Online users are searching for answers about old wooden items that left clothing at the mercy of the wind.


Long before technology sent individual socks into a swirling limbo, people were more resourceful, crafting tools to efficiently tackle even the most demanding household chores.

One such tool is this wooden peg, which over the years evolved into a two-piece pin used to secure items on a line.

This was a significant improvement over the earlier model, which left socks and other clothing items at the mercy of the wind, « a serious nuisance for laundresses. »

Read on to learn more about this wooden tool!


The Facebook post attracted a generation of nostalgic baby boomers who provided the answer: « Old clothespins. We used them to hang clean wet clothes outside on the line to dry, in the sun and fresh air! »

A wooden clothespin, also simply known as a clothespin, is a traditional household tool used to hang wet laundry on a clothesline for drying.

Nowadays, the clips typically consist of two wooden parts joined at one end and equipped with a spring tension mechanism that provides the necessary grip to hold the clothing.

The history of wooden clothespins can be traced back to ancient times when people used various methods to secure their laundry while drying.

The earliest carved clothespins date back to antiquity and were quite different from the wooden clothespins familiar to us today. These early clothespins were typically handmade from natural materials such as wood, bone, or even stone and often displayed intricate patterns or motifs.

The modern wooden clothespin, as we know it today, emerged in the 19th century in response to the growing need for a convenient and effective tool for hanging laundry.

The earliest versions of the clothespins we know today were made from solid wood, often maple or birch, and had a simple design with two wooden parts connected by a small spring or metal wire.

‘Evil for laundresses’ and men

The modern design we know today traces back to a patent for a clothespin by David M. Smith of Vermont in 1853.

According to his patent dated October 25, 1853, the updated clothespins are « connected together by a wire, » allowing the two longer legs to « be brought together and the shorter ones separated simultaneously. »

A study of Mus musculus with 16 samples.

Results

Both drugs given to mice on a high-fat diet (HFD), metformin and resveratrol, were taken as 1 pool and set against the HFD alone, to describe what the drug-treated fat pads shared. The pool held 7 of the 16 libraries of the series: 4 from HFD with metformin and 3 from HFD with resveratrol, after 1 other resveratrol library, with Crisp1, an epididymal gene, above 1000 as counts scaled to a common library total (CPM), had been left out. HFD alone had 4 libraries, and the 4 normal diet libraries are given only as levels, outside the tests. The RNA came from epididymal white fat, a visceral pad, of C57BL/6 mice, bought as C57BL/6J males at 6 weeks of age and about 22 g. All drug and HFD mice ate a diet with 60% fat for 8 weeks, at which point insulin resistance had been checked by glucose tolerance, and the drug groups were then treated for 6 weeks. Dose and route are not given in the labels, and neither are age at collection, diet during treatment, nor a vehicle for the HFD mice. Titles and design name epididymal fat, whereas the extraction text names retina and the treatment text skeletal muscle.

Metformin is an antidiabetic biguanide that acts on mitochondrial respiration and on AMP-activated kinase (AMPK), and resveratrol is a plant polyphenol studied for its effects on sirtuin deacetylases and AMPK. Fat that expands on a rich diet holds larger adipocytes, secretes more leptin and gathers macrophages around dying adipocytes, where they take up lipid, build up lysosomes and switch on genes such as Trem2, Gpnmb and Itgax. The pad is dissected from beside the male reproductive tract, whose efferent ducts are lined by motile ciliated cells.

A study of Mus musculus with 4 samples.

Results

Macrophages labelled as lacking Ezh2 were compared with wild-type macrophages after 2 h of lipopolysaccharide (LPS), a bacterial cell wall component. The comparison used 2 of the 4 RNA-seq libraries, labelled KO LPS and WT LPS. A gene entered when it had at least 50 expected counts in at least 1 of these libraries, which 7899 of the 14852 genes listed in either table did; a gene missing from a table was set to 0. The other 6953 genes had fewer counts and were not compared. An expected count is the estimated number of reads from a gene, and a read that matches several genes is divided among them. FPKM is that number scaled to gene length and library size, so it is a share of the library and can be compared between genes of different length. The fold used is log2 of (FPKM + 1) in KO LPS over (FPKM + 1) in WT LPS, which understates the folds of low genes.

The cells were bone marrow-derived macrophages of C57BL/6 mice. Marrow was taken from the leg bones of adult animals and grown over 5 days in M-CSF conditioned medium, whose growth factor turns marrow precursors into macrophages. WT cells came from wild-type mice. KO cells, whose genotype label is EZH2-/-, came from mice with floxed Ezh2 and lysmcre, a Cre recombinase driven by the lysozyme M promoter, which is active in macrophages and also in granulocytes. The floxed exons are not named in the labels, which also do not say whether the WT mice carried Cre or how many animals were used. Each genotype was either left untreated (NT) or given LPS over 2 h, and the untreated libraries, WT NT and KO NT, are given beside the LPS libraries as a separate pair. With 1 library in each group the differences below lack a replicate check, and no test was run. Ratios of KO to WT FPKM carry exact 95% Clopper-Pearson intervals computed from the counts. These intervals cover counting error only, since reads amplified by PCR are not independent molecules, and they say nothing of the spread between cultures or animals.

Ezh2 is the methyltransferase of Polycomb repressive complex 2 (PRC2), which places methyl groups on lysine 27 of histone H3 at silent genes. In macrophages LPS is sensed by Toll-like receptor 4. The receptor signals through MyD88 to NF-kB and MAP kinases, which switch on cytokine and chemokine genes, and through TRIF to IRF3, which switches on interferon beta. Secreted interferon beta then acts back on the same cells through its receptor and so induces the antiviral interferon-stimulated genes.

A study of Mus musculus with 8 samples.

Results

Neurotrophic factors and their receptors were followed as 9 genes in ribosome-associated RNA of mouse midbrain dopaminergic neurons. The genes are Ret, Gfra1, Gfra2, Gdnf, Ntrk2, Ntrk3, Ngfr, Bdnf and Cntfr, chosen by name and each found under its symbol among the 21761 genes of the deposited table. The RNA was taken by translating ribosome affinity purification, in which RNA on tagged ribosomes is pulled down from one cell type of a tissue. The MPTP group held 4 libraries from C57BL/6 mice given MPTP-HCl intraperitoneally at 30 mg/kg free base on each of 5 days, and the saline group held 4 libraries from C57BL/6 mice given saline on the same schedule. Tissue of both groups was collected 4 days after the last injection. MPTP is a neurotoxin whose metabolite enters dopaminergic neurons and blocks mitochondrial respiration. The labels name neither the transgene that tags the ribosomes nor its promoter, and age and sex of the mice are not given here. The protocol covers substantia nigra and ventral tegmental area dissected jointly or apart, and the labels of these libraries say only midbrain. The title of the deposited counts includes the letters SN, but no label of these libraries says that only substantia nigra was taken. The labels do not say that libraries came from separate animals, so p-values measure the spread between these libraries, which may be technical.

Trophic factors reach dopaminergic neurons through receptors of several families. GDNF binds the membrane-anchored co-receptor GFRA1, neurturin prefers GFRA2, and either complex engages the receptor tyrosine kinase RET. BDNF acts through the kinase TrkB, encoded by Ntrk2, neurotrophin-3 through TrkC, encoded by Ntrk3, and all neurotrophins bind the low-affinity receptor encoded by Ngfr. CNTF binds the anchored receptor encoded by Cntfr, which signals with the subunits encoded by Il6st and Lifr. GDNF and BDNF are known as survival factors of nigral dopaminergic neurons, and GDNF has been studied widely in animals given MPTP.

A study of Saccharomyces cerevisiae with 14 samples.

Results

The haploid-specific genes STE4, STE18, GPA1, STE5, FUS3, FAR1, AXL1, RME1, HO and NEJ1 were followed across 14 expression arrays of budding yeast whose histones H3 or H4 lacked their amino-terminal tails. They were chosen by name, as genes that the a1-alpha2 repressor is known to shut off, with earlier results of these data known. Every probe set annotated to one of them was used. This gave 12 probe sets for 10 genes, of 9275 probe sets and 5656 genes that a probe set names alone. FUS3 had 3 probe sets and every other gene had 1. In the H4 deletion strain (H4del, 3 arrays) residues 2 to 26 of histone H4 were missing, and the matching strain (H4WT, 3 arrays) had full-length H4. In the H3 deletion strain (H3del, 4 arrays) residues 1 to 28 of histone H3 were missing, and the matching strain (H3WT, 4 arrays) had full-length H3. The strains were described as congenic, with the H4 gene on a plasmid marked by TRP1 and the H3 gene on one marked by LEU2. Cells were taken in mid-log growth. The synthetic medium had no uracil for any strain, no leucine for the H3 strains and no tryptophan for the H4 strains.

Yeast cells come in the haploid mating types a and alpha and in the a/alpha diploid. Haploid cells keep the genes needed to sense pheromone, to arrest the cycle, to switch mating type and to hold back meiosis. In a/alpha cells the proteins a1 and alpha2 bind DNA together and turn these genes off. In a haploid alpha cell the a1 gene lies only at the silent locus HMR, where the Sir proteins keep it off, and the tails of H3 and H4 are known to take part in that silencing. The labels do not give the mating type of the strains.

The two wooden parts are shaped to form a clamp when squeezed together, allowing the clothespin to securely hold garments without causing damage.

The spring tension mechanism ensures that the clothespin remains closed during use and provides reliable grip on the laundry even in windy weather.

Smith explains in the patent: « Another advantage, and a very important one, possessed by my improved clothes-pin over the ordinary pin, is, that it cannot be detached from the clothes by the wind, as the common pin can, which is a serious evil to laundresses. »

Evolving clips

With industrialization in the 19th and early 20th centuries, the manufacturing process for wooden clothespins became more mechanized. Wooden clothespin factories emerged, producing large quantities of standardized clothespins at a faster pace and lower cost.

This made wooden clothespins accessible to a broader range of households and contributed to their widespread use as laundry tools.

Throughout the 20th century, wooden clothespins remained a staple in households worldwide despite the introduction of alternative materials such as plastic.

Their simplicity, durability, and affordability made them a preferred choice for hanging laundry, especially for those without access to modern drying technologies.

Today, wooden clothespins continue to be produced and used in households worldwide, either for crafts or for drying laundry, and are appreciated for their nostalgic appeal and eco-friendly attributes.

While plastic clothespins are becoming more prevalent in some regions due to their lower cost and mass production, wooden clothespins remain a symbol of traditional laundry care and sustainable living.

What’s worse, losing socks to the wind or in a dryer? Please let us know what you think of this story, and then share it with your friends to hear what others have to say!